SOLUTIONS 9/24: Changes in Weather, Energy & Diet



Anyone paying attention to the news lately cannot have missed reports of environmental changes to our world and of our responses to those changes. Here, the focus will be on predicted weather, on Congressional efforts to reduce fossil fuel usage, and on new sources of food we need to adopt.


The lack of water in these western states has had devastating effects on farmers, forcing some to leave fields fallow or sell off parts of their herds.

In contrast, the Pacific Northwest, much of the East Coast, and the Upper Midwest will see wetter conditions continuing into the late fall.

At the same time, La Nina, predicted to develop toward the end of the year as a result of lower than normal ocean temperatures, will affect weather circulation in parts of the U.S. This means continuing warmer temperatures and less rain for California, the Southwest, and Southeast, while the northern part of the country will see colder, wetter conditions.

More generally, NOAA’s seasonal prediction sees warmer than average temperatures in the lower two-thirds of the states, while wetter conditions will spread over the Pacific Northwest, the Upper Midwest, northern New York State and northern New England.

But, in much of the country, with no significant precipitation predicted, it is probable that the drought will continue. The middle and western regions of the country have not seen temperatures like this since 1936, when the Dust Bowl resulted from similar hot, dry conditions. And now, in a warming world, we should expect these stresses – droughts, fires, lower water supplies, along with increasing temperatures – to remain with us.
At least one Congressional committee has been looking into the causes of these weather and environmental changes. The House Oversight Committee has widened its investigation into the oil and gas industry’s role in spreading misinformation about the role that fossil fuels play in causing global warming.

Their investigation comes as Congressional representatives are wrestling with legislation to reduce reliance on oil and gas. Committee members, led by chairwoman Carolyn B. Maloney of New York, are questioning oil and gas executives about their misinformation campaign. A committee letter to Exxon’s chief executive, Darren Woods, reads as follows: “We are deeply concerned that the fossil fuel industry has reaped massive profits for decades while contributing to climate change that is devastating American communities, costing taxpayers billions of dollars, and ravaging the natural world.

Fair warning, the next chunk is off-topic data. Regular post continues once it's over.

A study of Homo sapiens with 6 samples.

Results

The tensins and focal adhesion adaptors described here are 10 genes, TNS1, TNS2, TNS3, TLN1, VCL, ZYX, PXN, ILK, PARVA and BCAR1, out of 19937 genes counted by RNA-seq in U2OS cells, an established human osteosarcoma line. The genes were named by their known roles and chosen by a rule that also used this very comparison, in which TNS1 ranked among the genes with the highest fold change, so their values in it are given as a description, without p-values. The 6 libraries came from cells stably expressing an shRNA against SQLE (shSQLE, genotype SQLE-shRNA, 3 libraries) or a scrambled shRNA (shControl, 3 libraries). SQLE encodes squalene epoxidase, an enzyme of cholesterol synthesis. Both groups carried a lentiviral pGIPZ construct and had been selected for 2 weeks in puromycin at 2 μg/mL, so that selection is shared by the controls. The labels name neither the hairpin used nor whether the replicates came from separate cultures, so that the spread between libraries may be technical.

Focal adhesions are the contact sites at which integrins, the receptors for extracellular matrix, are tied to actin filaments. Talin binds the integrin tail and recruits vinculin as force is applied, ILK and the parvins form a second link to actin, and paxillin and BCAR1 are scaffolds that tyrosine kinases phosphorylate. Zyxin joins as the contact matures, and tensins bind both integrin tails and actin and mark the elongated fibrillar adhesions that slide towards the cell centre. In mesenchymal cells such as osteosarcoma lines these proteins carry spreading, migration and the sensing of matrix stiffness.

“We are also concerned that to protect those profits, the industry has reportedly led a coordinated effort to spread disinformation to mislead the public and prevent crucial action to address climate change.”

The committee has requested internal documents going back to 2015 related to the companies’ efforts to undermine climate policy. Representative Maloney said that she intends to “hold the fossil fuel industry to account for its central role in causing and exacerbating this global emergency.” Subpoenas and other steps will be used as needed.

This Congressional inquiry is not unlike that of the 1990s’ tobacco industry hearings which resulted in changed tobacco usage. But even as the inquiry continues, industry lobbying also continues in an effort to influence climate provisions in Congressional bills. Groups, including the U.S. Chamber of Commerce, have been working to protect fossil fuel subsides. Senator Joe Manchin has allegedly met with Exxon to help draft “bipartisan fossil fuel bills.”

But more than investigating industry policies, it will be essential that Congress find ways to stop approving new oil and gas fields. And of course, replacing gas powered vehicles with electric ones will be another part of this. While in the Princeton area increasing numbers of Teslas, Nissans, BMWs and others are encouraging, the transition needs to expand and accelerate.

Another response to our warming world is taking place in food.
Individuals, restaurants, and food producers are turning away from meats and fish to plant-based substitutes. The reasons are that meat production uses large amounts of fossil fuels to both provide feed and market the animals. Cows also produce quantities of methane, which exceeds carbon dioxide in heat-trapping capacity. And the larger and more efficient fishing industry’s new boats and processing plants have already diminished fishing stocks around the world, at the same time that growing populations need more protein.

Fortunately this need is being increasingly addressed by plant–based substitutes. In U.S. cities, Hong Kong, Singapore, and elsewhere, companies and individuals are experimenting with, and adopting, alternative, plant-based foods that provide benefits and tastes similar to meats and fish, but without the various environmental costs.

The public’s consumption of these plant-based products is reportedly growing quickly. And a possible, future step may be “lab-grown” seafood which is grown from real seafood cells but in a laboratory, and may combine plant cells and plant-based technologies in the end product.

Thus, in various ways, our warming, changing world has pushed science, industry, restaurants, and individuals toward new directions. Science tells us that this is necessary for survival. People are beginning to respond. Whether the responses will be adequate and soon enough remains to be seen.